Therapies for chronic post-traumatic stress disorder


Citation: Peters M (2014) Therapies for chronic post-traumatic stress disorder. Nursing Times ; 110: 51, 20.

Author: Micah Peters is post-doctoral research fellow at the University of Adelaideand a member of the Cochrane Nursing Care Field.

Introduction

Post-traumatic stress disorder (PTSD) is a widely recognised psychiatric condition that can occur following a traumatic event. Symptoms include nightmares and recurrent distressing thoughts of the event, avoidance and numbing of general responsiveness, and hyperarousal.

Psychological interventions are used but some appear more effective than others in treating clinician and self-assessed PTSD, depression and anxiety symptoms.

Review question

What is the efficacy of psychological intervention for the treatment of chronic PTSD?

Study characteristics

Bisson et al (2013) reviewed 70 randomised controlled trials of psychological treatments for PTSD, covering 4,761 participants. Sample sizes ranged from nine to 360. Participants were any adults (aged 18 or above) who showed traumatic stress symptoms for three months or more. No restrictions were applied on the severity of PTSD symptoms, type of traumatic event or presence of comorbidities.

Any psychological treatment designed to reduce symptoms of chronic PTSD was eligible for inclusion. Group and individual interventions were considered separately. Six types were considered:

  • Individual trauma-focused cognitive behavioural therapy (TFCBT) (49 studies);
  • Non-trauma-focused cognitive behavioural therapy (non-TFCBT) (eight studies);
  • Eye-movement desensitisation and reprocessing (EMDR) (16 studies);
  • Trauma-focused cognitive behavioural therapy group therapy (group TFCBT) (10 studies);
  • Non-trauma-focused cognitive behavioural group therapy (group non-TFCBT) (one study);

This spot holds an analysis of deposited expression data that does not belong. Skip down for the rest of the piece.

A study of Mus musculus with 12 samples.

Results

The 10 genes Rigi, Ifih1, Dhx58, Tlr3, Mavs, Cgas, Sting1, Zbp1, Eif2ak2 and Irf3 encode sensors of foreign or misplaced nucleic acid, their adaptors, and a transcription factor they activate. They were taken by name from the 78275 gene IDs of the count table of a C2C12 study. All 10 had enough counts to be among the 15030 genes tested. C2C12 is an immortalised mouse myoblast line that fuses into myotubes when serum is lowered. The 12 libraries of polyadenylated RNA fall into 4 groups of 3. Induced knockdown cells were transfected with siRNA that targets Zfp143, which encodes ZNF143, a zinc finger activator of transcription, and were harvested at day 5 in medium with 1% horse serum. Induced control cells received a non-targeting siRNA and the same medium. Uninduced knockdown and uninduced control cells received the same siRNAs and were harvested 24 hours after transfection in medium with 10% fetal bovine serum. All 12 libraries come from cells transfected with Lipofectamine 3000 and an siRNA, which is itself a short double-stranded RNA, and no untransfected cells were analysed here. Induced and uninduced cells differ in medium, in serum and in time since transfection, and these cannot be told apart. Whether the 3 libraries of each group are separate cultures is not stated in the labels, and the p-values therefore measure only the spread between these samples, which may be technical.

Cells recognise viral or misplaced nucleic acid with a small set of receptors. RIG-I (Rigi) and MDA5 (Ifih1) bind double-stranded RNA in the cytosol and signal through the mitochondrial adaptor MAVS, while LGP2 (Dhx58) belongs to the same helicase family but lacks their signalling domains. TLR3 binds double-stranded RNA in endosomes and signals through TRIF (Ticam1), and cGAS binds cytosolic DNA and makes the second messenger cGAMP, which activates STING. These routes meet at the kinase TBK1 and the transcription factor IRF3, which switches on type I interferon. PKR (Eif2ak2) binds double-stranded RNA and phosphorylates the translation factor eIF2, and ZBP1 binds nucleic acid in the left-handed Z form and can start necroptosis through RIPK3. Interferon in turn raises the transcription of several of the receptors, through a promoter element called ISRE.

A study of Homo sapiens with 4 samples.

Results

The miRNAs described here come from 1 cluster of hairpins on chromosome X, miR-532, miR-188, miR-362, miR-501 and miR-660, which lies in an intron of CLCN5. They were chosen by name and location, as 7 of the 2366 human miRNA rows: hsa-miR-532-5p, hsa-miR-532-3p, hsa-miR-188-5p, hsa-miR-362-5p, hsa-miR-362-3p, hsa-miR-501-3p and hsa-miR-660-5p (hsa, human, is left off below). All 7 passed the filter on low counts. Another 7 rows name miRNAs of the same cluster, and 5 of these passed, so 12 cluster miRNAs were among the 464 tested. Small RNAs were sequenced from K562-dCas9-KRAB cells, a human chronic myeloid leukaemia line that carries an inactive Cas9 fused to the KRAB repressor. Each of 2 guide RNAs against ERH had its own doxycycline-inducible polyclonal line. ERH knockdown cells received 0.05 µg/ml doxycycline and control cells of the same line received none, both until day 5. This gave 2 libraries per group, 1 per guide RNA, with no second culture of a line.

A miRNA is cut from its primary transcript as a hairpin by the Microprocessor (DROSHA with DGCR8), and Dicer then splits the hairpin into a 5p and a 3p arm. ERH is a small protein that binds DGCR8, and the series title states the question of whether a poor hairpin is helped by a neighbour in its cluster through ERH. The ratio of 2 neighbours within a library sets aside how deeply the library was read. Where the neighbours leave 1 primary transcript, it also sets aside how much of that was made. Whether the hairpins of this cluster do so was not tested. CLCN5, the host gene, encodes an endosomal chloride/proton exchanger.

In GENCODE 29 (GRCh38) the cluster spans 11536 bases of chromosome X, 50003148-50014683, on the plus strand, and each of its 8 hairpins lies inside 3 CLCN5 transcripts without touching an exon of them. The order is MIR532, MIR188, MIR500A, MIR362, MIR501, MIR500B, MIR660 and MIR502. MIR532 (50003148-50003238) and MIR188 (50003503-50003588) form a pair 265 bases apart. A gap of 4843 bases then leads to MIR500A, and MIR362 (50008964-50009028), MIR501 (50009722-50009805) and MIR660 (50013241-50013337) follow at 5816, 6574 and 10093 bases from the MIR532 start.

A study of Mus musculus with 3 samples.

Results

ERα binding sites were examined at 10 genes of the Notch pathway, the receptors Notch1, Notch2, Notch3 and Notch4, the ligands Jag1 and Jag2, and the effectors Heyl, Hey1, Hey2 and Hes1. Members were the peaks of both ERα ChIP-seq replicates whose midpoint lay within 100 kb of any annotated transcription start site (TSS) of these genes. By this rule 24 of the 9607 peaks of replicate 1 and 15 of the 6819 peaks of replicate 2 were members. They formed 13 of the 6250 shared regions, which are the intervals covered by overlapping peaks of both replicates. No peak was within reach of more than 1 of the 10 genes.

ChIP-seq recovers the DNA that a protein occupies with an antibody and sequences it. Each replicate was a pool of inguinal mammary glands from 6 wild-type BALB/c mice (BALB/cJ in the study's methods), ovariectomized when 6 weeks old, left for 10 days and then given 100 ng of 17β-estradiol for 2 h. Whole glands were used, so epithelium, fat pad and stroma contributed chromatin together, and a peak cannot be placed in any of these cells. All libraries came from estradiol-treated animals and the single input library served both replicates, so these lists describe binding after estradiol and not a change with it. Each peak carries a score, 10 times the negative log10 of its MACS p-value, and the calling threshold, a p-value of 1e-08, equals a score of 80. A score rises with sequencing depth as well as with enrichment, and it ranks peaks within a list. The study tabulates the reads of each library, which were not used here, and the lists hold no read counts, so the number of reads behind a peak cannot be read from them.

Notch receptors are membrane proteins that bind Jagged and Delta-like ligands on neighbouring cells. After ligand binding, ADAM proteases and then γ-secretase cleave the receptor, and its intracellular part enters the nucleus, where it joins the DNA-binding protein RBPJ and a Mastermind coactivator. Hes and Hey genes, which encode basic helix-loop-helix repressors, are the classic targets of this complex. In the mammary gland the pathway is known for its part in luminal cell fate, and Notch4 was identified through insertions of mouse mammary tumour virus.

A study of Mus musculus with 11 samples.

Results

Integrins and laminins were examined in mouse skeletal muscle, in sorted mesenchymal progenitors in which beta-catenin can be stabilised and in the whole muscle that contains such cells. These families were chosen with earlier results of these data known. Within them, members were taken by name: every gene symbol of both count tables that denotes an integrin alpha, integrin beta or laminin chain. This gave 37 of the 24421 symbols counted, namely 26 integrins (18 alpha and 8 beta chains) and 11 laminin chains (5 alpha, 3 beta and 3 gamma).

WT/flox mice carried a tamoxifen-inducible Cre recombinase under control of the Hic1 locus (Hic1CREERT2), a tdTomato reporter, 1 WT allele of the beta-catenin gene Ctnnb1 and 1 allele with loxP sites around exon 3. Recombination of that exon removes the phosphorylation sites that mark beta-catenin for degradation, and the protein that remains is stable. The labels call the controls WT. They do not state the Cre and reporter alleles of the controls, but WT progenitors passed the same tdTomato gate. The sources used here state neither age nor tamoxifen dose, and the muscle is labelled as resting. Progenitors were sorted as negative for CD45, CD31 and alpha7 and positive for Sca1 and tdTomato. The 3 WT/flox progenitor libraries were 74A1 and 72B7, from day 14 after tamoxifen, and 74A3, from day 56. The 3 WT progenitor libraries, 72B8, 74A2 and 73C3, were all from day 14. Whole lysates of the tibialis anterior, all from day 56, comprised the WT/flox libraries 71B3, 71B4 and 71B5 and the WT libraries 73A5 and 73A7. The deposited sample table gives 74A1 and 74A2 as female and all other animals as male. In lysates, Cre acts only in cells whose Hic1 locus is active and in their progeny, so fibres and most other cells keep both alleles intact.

• Other psychological treatments, including non-directive counselling, psychodynamic therapy and hypnotherapy (nine studies).

Waiting list/usual care (WL/UC) and symptom monitoring, repeated assessment, other minimal attention control group or an alternative psychological treatment were used as comparators.

The primary outcome measures were the severity of clinically rated traumatic stress symptoms using a standardised measure - for example, the Clinician Administered PTSD Symptom Scale - to measure the efficacy of psychological treatments in comparison with control conditions and other psychological treatments, and drop-out rates. The secondary outcome measures were: severity of self-reported stress; depressive and anxiety symptoms using validated measures; PTSD diagnosis after treatment; and adverse effects such as amplified PTSD symptoms.

Despite the number of studies in the review, methodological issues, small sample sizes, underpowered studies and limited follow-up data mean that overall the evidence for many comparisons in this review were of very low quality.

Summary of key evidence

There was good evidence that individual TFCBT was better than WL/UC in reducing symptoms. There was evidence in five studies that individual TFCBT was superior to non-TFCBT in reducing PTSD symptoms at follow-up at one to four months, but little long-term data.

EMDR performed better than non-TFCBT for secondary outcomes around self-reported PTSD (immediately after treatment), depression and anxiety. Three treatments showed greater effectiveness than other treatments: individual TFCBT (10 studies), EMDR (two studies) and non-TFCBT (one study). Non-TFCBT in five studies was more effective than WL/UC across several secondary outcomes. In three studies other therapies were superior to WL/UC for the primary outcome and some secondary outcomes. Group TFCBT was also effective for the primary outcome in three studies and in most secondary outcomes.

There was no significant difference between individual TFCBT, EMDR and stress management immediately after treatment. The heterogeneity in the comparisons of the review, along with the potential impact of publication bias on the data, should prompt caution in interpreting the results.

Best practice recommendations

Health professionals should consider individual TFCBT, EMDR, individual non-TFCBT and group TFCBT to treat PTSD in adults. However, they should be mindful that there is insufficient evidence on their long-term effects.